LeEco unit suspended from trading after shares plunged amid layoff fears
Leshi Internet Information and Technology’s shares fell 7.85 per cent on Tuesday, reportedly triggering margin calls by brokerages
Chinese internet giant LeEco’s Shenzhen-listed arm, Leshi Internet Information and Technology Corp, was halted from trading on the stock exchange on Wednesday after a share price plunge that was said to have triggered margin calls by brokerages and financial lenders.
The Shenzhen bourse said in a statement that trading in Leshi was suspended before market opening on Wednesday, pending an announcement. No further detail was provided.
The trading halt came after Leshi’s shares plummeted 7.85 per cent on Tuesday to close at 35.8 yuan amid mounting concerns that the company may layoff staff to help trim costs as it undergoes restructuring. The share price had fallen to an intraday low of 35.01 yuan.
Several mainland media reports cited rumours among traders that margin calls on the credits of LeEco’s billionaire founder Jia Yueting and his brother Jia Yuemin were triggered when the stock price slipped to below 35.21 yuan on Tuesday.
A LeEco spokeswoman said that the stock price mentioned in the media reports was “speculation”.
According to Wind, a Chinese financial data and analysis company, LeEco’s founder and his brother pledged more than 84 per cent of their combined holdings in Leshi as collateral for more than 10 billion yuan of loans. Analysts had said any decline in Leshi’s share price could trigger a margin call on their credits and exacerbate their financial woes.
The company’s share price has fallen by more than 40 per cent from its recent high in early July.
An analyst with a state-owned brokerage in Shenzhen said the large amount of shares pledged by Jia and his brother makes the situation difficult for their lenders which are mainly securities companies.
Trading suspension for now is the only option as the quick drop in Leshi’s stock price would be likely to spill over into the wider market, said the analyst, who declined to be named as the issue is sensitive.
He said it would take a company with considerable financial strength, such as property giant Wanda, to bail out LeEco.
Coolpad, the Hong Kong-listed mobile phone unit of LeEco, plunged 12.5 per cent to close at HK$0.7 on Wednesday.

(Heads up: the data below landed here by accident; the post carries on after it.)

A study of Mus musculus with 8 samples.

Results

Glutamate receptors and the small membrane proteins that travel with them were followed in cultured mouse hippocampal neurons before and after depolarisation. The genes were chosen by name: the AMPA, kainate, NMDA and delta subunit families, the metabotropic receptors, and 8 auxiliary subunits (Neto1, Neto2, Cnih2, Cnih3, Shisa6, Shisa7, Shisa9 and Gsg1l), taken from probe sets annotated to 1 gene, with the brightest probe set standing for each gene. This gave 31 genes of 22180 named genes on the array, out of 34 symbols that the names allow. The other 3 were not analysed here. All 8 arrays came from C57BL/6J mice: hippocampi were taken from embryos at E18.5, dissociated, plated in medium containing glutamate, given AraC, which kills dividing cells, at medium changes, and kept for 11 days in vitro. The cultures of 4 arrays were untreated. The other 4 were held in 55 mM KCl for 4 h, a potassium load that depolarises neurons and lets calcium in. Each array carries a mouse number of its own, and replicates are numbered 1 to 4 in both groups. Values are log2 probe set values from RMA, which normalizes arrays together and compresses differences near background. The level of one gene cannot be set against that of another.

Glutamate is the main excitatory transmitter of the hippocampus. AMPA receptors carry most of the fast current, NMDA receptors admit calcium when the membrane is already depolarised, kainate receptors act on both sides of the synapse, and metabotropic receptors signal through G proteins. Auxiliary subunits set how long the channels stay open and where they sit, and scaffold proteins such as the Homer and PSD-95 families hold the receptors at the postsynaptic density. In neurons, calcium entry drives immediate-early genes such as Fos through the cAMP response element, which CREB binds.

Jia admitted in November that LeEco, which has heavily invested in technology products ranging from electric cars to smartphones, was facing capital pressure.
He said the company’s cash flow problems were largely due to a weak capital structure and a failure to raise enough external funds to keep up with its rapid expansion plans. He pointed out that expensive ventures such as the car division had already received over 10 billion yuan from company funds in the early stages of development.
LeEco also later said in an internal letter to employees that it would “temporarily hold horizontal expansion in the Asia-Pacific market”, as it shifts it’s priorities to “focus on rapid cash flow growth” and increasing the quantity and quality of its user base globally.
The high-flying company has undergone some restructuring and is trimming down its personnel to trim costs.
LeEco’s sports unit, LeSports, has said it plans to cut 20 per cent of its staff, according to a report by mainland news website lanxiongsports.com . However, the company said it would reorganise staff to optimise operations.
The company has undergone several management restructurings in the last months, including the appointment of a new chief executive, Anthony Gao, for its Asia-Pacific operations, replacing Mok Chui-tin.
Earlier this week, LeEco also put chairman Gao Fei in charge of profitability for its video-streaming business. Gao said that the company will begin providing a subscription service for movies and will make a bigger push into producing more original content.